There is something wrong, somewhere in the bones of this club - the fans deserve so much better
PUBLISHED: 06:00 11 June 2020 | UPDATED: 10:39 11 June 2020
East Anglian Daily Times and Ipswich Star sports editor Mark Heath gives his take on Ipswich Town’s underwhelming 2019/20 season - and calls for action, rather than words, from the club, as it continues to sink...
In sport as in life, truth really is stranger than fiction.
No writer or film maker would ever have penned this reality in which we’re all living - a country paralysed by a pandemic, thousands of lives lost and yet the trivial drama of what happens in League One, the third tier of English football, is stretched out over more days, weeks and months than any other professional league.
But finally, we have a decision. Finally, the credits can roll on Ipswich Town’s 2019/20 season.
In truth though – and it’s an uncomfortable truth – no-one who wore blue and white this season emerges with much credit. There were individual success stories, sure - Flynn Downes’ emergence, Kane Vincent-Young’s electrifying play, Luke Woolfenden growing in stature – but on the whole, in a world engulfed by turmoil and change, one constant remains at Portman Road. Ipswich Town aren’t very good.
Another uncomfortable truth, one which Town fans have had to swallow for way too long.
This season – or last now, more accurately – things were surely going to be different. Town had been relegated on an unprecedented tide of goodwill and support from fans. Paul Lambert’s record was dreadful, yet his embracing of the supporters had rekindled the bond between touchline and terrace that Big Mick had worked so successfuly to torch.
The Blues were going to be, for one season only, a big fish in a small pond as they tore through the minnows of League One like a great white shark through a shoal of salmon.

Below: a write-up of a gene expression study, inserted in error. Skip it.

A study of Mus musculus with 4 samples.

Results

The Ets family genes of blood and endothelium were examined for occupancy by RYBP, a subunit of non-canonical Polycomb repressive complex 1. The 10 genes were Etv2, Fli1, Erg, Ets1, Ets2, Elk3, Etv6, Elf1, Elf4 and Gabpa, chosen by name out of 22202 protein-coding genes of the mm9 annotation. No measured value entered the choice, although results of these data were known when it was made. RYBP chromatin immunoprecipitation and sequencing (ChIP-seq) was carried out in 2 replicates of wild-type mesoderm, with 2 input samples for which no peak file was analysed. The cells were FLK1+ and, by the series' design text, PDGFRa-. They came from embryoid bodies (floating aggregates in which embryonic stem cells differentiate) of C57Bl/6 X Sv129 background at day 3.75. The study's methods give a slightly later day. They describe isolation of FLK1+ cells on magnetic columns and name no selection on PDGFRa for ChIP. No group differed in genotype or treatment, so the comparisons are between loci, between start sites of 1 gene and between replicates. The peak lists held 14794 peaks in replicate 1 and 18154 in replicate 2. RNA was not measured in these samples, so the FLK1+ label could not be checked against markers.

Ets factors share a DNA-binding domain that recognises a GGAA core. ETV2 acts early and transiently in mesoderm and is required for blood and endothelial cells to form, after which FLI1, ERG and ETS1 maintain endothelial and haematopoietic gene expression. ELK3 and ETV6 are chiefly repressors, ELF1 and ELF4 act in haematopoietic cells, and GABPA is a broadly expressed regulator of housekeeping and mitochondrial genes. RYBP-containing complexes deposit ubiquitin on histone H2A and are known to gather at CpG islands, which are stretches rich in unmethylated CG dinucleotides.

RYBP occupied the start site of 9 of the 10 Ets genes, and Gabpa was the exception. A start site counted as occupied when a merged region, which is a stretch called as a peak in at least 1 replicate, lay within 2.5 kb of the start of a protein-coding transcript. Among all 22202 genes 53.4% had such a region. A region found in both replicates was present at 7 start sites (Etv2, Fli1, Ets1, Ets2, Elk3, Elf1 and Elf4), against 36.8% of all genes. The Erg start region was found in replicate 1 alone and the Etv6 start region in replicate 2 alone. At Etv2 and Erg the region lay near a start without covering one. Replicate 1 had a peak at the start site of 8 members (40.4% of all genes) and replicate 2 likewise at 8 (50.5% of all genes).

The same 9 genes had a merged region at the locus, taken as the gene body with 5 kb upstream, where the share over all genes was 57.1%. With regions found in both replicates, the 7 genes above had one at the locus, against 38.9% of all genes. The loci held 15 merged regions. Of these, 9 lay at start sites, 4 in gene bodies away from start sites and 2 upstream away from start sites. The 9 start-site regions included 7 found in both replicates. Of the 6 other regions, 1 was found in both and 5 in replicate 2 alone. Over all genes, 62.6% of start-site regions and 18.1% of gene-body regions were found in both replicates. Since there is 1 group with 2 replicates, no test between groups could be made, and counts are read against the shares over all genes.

It started out that way too. Town began the campaign looking like Mike Tyson circa 1986 – though with fewer knockouts - as they raced to the top of the league and had only mighty Liverpool for company as the two remaining unbeaten sides in the land as late as October.
Phrases like HMS Piss the League and #100points100goals were regularly being trotted out by giddy, success-starved fans - and yours truly!
Who’s to blame? The finger will, inevitably, be jabbed most at Lambert - and understandably so. His record is appalling, and to not even reach the play-offs in the third tier of English football, with his squad and resources, having been top of the league in January, is unacceptable.
Many will call for him to go. Time for another uncomfortable truth though - he won’t be going anywhere.
The players, too, must accept much of the failure falls on them. The likeable Cole Skuse admitted as much this week, when he said Town’s slide down the league had been ‘outrageous’.
The problem is, of course, that Town fans are used to empty words coming out of the club. Marcus Evans, Lambert and the players all say the right things - but, to quote the great Martin Luther King, what we actually get is a high blood pressure of creeds, and an anaemia of deeds.
Town fans have supported this club through thick, thin and even thinner. They’ve travelled in their thousands to League One grounds, packed into Portman Road for third tier games and even now, when they have no idea when they might be able to return and watch games, many are still paying for season tickets.
They deserve better. Town can, surely, do so much better. Fans have given so much to this great club - now, the club has to start giving back.
A football club is a living, breathing thing - and the fans are its beating heart. But there is something wrong, somewhere in the bones of this club.
A losing mentality, an acceptance of mediocrity, a malaise which can’t be shaken - it’s hard to put your finger on, but we all know it’s there.
You feel, once more, that we’re at a critical juncture, another rock bottom in an apparently bottomless descent.
The time for talking has stopped. Excuses and wordy explanations aren’t going to cut it anymore.
The buck stops at the top. Your move, Marcus.